Key findings

  • In all the local authority areas visited, arrangements were in place to provide early help to children and their families.
  • Partner agencies in those places inspected were committed to an early help approach and improving the coordination of the local early help offer.
  • Opportunities to provide early help for children and their families were missed by all statutory partners with a responsibility for this.
  • Many assessments were ineffective because they failed to sufficiently analyse or focus on what the child and family needed.
  • Professionals did not always identify or meet the individual needs of children within a family. Early help plans did not focus sufficiently on the child, often lacked clear objectives, failed to specify what needed to change and were not regularly or robustly reviewed.
  • Management oversight of early help was often underdeveloped and failed to identify or rectify weaknesses in the work being undertaken.
  • When children were referred to social care services because there were concerns about their welfare, the service or referrer often did not consider or follow through the need for early help. As a result, nothing was put in place to prevent the child’s circumstances from deteriorating. This led to further referrals for statutory social care support.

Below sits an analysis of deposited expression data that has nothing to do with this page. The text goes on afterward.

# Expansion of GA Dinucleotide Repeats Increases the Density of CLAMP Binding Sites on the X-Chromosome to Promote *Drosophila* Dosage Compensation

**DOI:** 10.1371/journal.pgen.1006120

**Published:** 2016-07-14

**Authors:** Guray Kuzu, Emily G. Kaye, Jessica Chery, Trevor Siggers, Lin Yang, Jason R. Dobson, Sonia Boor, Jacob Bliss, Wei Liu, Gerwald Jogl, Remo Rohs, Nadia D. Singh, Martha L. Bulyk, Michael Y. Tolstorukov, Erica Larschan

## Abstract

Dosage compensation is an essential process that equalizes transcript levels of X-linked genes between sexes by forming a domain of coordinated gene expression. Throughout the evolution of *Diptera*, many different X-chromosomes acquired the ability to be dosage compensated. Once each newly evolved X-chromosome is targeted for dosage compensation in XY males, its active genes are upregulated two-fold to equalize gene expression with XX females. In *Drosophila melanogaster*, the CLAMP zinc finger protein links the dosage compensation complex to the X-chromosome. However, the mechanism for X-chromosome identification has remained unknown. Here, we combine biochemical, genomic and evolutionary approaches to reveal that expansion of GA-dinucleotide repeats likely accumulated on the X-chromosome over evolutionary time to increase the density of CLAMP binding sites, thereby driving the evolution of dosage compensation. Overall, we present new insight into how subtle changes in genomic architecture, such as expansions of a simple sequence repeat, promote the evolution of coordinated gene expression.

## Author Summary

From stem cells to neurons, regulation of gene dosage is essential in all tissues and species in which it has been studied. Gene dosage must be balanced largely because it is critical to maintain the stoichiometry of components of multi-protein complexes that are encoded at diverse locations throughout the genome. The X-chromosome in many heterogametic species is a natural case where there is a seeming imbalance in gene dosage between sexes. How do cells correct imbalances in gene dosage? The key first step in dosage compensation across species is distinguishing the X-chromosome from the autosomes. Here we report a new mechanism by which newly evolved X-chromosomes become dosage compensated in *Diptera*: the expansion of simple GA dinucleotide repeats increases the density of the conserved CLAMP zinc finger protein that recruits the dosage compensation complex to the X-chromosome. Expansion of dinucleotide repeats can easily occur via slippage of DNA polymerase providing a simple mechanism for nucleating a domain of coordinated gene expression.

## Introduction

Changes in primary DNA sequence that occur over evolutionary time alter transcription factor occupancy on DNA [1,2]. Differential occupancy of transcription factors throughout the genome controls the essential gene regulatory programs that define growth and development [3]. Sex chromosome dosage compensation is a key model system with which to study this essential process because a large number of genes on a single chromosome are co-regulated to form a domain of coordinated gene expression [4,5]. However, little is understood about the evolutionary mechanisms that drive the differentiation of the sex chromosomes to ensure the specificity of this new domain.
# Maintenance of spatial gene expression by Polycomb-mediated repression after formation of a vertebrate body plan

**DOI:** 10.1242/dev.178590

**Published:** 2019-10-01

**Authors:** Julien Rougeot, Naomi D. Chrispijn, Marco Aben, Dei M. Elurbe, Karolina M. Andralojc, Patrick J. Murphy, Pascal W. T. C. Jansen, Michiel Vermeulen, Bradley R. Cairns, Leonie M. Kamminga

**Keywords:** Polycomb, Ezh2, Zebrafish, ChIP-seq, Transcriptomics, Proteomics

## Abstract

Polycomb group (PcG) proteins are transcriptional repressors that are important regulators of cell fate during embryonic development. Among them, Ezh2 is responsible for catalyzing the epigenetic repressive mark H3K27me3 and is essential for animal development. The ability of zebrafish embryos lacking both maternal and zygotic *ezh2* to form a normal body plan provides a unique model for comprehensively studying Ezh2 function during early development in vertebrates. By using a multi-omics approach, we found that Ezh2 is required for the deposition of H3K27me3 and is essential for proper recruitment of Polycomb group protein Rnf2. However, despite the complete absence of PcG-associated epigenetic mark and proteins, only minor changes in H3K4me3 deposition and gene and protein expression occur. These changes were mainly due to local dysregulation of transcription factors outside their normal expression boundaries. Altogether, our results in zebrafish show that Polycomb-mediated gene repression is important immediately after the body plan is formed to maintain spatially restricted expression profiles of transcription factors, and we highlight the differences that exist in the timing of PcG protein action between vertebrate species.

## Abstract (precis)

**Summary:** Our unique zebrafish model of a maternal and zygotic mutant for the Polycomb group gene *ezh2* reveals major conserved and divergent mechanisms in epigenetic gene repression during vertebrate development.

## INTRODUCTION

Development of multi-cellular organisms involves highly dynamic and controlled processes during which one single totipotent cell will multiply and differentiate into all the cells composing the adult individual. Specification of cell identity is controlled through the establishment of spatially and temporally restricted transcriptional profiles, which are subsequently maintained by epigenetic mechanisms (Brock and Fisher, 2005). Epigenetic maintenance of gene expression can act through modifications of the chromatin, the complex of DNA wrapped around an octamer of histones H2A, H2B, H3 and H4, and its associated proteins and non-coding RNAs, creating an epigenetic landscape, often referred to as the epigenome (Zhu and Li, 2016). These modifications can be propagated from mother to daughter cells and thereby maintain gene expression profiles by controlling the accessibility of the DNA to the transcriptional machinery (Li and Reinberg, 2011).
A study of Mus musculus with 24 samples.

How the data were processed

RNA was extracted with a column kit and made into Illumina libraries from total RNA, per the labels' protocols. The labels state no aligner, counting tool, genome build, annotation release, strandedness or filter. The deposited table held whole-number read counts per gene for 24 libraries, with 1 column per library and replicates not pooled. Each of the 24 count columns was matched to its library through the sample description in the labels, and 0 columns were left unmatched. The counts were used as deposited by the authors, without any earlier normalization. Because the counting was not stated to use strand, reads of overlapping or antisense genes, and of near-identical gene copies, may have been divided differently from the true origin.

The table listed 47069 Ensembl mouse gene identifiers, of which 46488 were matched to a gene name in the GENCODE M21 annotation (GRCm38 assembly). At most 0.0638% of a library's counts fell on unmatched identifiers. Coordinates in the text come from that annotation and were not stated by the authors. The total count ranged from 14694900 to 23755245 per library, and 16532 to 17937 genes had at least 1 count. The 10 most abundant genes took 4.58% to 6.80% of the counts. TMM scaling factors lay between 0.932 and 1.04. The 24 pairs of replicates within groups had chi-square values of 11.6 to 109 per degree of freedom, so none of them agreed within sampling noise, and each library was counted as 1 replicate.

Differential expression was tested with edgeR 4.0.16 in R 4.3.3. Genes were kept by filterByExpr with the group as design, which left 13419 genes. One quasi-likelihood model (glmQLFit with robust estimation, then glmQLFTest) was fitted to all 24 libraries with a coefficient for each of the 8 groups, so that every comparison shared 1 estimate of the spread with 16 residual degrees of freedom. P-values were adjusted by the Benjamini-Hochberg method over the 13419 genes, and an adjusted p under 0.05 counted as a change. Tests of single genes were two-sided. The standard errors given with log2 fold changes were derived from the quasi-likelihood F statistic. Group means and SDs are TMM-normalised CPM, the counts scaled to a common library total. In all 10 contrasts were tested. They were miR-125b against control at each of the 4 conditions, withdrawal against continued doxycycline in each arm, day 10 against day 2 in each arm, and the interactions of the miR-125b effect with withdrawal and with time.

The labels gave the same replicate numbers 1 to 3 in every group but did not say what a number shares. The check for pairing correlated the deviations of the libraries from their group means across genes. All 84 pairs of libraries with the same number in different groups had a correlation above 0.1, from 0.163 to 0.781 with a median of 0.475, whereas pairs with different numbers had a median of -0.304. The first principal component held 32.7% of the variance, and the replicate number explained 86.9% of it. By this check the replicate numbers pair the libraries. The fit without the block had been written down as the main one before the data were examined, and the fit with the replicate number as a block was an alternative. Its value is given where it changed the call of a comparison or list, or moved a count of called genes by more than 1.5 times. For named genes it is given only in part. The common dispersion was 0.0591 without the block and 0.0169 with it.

• Too often, feedback on referrals was neither sought nor offered.
  • Partner agencies did not fully evaluate the impact and effectiveness of their early help services.
  • The planning of local services did not sufficiently recognise or address the needs of children living with parental substance misuse, mental ill health or domestic abuse.
  • LSCBs were not effectively overseeing or challenging partner agencies with regard to effective early help.
  • The current statutory framework does not give sufficient clarity and priority to the roles and responsibilities of individual agencies for early help provision.
  • The inability to sufficiently prioritise and resource early help across agencies meant that lessons learned from serious case reviews were not being fully addressed.